The Tax Office has established a special recruitment stream for refugees, military veterans, and people who want to work part-time -- particularly if
The full video of Tuesday's seminar, New frontiers in behavioural economics: predictive policy and machine learning, hosted by the Institute
TAGS National, State, Local, Gary Banks, Australia and New Zealand School of Government
So where to now? In framing this week’s ANZSOG conference, the school’s dean and former Productivity Commission chair outlines the challenges for the public service.
The global financial crisis, its origins in deficient market regulation and housing subsidisation, and its aftermath of fiscal deficits and sluggish growth, have led many governments not only to consolidate their finances, but also to consider whether their own roles need to be pared back or refocussed.
Australia’s new national government has signalled an end to a perceived “age of entitlement”, with recent budgetary measures not just lowering the trajectory of spending on social programs and industry support, but also altering its nature and coverage in an attempt to motivate greater self-reliance and work effort. Similar developments are occurring in New Zealand, where the public sector’s share of GDP has exceeded that of Australia.
The issues around the reshaping of government’s role and how that role is best discharged are not uncontested, with opposition parties in both countries taking a contrary stance in key areas. How this plays out politically could be expected to have significant implications not only for future living standards in the two countries, but also for public administrations and public servants.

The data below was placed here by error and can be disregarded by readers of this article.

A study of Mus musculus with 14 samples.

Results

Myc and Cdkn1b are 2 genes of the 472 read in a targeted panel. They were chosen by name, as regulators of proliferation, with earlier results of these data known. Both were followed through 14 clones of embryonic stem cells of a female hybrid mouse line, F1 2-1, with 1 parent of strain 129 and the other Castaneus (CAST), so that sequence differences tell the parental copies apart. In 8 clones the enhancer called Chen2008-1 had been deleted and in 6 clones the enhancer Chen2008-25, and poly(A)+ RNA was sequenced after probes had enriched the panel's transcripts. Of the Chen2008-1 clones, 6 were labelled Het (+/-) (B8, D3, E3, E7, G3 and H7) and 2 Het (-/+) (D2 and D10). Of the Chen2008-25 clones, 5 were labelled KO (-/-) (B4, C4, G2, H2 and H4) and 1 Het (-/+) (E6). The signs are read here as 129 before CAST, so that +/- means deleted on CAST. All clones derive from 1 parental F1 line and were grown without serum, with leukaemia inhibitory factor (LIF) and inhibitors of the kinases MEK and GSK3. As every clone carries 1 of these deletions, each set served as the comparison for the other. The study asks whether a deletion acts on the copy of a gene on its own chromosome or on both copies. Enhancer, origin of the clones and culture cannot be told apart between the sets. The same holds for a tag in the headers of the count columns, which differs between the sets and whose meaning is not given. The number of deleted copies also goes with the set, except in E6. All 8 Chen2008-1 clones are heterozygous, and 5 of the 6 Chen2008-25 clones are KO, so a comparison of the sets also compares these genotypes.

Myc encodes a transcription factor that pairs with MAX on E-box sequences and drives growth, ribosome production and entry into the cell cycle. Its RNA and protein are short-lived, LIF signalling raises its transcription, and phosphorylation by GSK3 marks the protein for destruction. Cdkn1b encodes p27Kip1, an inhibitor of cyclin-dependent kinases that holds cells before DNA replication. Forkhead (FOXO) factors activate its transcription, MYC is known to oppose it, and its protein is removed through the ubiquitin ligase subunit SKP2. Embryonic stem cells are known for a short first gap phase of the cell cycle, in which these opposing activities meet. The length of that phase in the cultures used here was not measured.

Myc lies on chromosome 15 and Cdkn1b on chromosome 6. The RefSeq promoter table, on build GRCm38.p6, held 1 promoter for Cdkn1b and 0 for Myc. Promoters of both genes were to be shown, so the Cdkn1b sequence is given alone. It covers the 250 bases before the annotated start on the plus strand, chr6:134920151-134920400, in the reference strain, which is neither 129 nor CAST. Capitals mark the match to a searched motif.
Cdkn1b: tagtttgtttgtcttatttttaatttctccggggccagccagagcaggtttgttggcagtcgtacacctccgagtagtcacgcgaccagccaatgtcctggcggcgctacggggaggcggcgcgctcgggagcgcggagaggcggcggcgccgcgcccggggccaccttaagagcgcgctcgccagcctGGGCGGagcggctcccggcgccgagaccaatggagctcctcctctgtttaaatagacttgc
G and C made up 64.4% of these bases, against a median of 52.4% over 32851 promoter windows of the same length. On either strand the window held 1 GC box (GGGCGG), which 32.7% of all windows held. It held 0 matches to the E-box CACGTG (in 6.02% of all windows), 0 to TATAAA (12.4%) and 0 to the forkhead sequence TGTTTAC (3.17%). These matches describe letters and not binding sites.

The expansion in government spending and regulation over past decades, which is also evident in other OECD countries, did not come out of thin air. Every regulation or spending measure responded to a call for government to “do something” to remedy a perceived problem or need within our society and economy. Many such demands are entirely legitimate and governments have responded to them appropriately, in ways that yield net benefits to the community. But some do not pass these tests. And of those that do, some may exceed the capacity of society to “pay”. In the end, democracy is about making choices and trade-offs. And as economists like to put it, there are no “free lunches”.